Scientists swap pipettes for policy ahead of general election

13 March 2024

Next week (17 – 21 March), 30 UK scientists will swap places with politicians and civil servants for five days ahead of the general election, exploring each other’s worlds as part of the annual Royal Society Pairing Scheme.

The scheme has been running since 2001 and helps to build long term relationships between scientists and politicians, ensuring that policymakers can make informed decisions based on the best scientific evidence.

With a general election expected this year and research and innovation being highlighted as key priorities in the Chancellor’s Spring Budget, the scheme’s mission is more important than ever. 

The week will begin with a parliamentary reception in the House of Commons, with speeches by Greg Clark MP, Chair of the Commons Science and Technology Committee, and Sir Adrian Smith, President of the Royal Society. 

Scientists taking part this year are drawn from universities and research institutes across the UK, including Newcastle University, Plymouth Marine Laboratory and Imperial College London. They are paired with parliamentarians including Chi Onwurah MP, Shadow Science Minister; Baroness Brown of Cambridge FRS, Chair of HoL S&T Committee; and civil servants from the Department for Education; Energy Security and Net Zero; and Business and Trade.

Over five days, scientists will get a behind the scenes insight into how policy is formed, shadowing an MP or parliamentarian to learn about their work. Participants will hear from senior civil servants and parliamentarians on how research findings are used to inform policy making and how they can best share their expertise with policy makers.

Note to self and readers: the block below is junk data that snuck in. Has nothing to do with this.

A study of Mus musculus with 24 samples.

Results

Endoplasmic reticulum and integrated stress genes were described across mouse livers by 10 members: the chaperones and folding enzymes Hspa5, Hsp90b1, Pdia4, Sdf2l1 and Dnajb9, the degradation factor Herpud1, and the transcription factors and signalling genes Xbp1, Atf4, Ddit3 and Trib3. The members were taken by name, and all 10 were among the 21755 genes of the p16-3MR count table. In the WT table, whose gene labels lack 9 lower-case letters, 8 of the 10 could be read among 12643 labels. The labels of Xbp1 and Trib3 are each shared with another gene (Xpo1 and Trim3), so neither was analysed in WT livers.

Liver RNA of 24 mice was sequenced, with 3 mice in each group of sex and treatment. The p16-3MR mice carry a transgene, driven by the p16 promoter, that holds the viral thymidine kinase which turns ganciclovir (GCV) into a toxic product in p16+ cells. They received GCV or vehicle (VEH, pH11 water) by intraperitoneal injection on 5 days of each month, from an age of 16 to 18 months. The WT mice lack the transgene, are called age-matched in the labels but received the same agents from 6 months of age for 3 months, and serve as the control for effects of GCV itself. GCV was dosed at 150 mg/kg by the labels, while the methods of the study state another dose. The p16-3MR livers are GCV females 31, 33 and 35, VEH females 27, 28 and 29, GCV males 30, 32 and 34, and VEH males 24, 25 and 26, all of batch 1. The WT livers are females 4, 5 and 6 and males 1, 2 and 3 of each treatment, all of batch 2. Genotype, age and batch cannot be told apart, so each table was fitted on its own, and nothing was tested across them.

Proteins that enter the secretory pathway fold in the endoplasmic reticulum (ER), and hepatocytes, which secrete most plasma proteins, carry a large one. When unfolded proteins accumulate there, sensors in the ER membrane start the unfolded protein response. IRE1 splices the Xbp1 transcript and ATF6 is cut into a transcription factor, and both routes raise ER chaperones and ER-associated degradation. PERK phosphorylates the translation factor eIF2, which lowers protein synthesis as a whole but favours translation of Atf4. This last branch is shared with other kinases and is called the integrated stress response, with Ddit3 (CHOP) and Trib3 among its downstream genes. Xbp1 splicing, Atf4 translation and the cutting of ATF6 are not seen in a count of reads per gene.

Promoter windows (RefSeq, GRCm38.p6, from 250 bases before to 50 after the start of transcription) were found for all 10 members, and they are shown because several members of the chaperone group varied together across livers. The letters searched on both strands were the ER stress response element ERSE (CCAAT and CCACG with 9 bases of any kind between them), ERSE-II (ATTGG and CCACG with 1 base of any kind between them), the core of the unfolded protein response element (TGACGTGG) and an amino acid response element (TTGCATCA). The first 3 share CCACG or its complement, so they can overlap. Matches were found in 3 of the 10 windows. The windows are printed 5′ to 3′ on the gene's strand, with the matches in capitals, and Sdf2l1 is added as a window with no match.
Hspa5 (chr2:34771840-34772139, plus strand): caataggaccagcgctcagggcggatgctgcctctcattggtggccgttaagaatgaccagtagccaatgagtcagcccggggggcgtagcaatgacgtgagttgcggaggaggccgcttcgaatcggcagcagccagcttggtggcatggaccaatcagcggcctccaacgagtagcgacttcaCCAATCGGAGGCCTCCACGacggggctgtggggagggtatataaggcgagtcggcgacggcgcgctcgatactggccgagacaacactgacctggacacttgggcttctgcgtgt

The scheme will continue later in the year when parliamentarians visit their scientist pairs at their home institutions.

Sir Adrian Smith, President of the Royal Society, said: 

“Scientific evidence is essential for any government to address many of the global challenges that affect both the UK and world at large, from climate change to the rapid acceleration of AI technologies.

“The pairing scheme was set up in 2001 to help build bridges between scientists and policy makers, providing them with the opportunity to develop long-term relationships to ensure that robust scientific evidence is used to shape public policy. We must continue to strengthen these collaborations to ensure research is translated into policy that improves the lives of all of those in the UK.”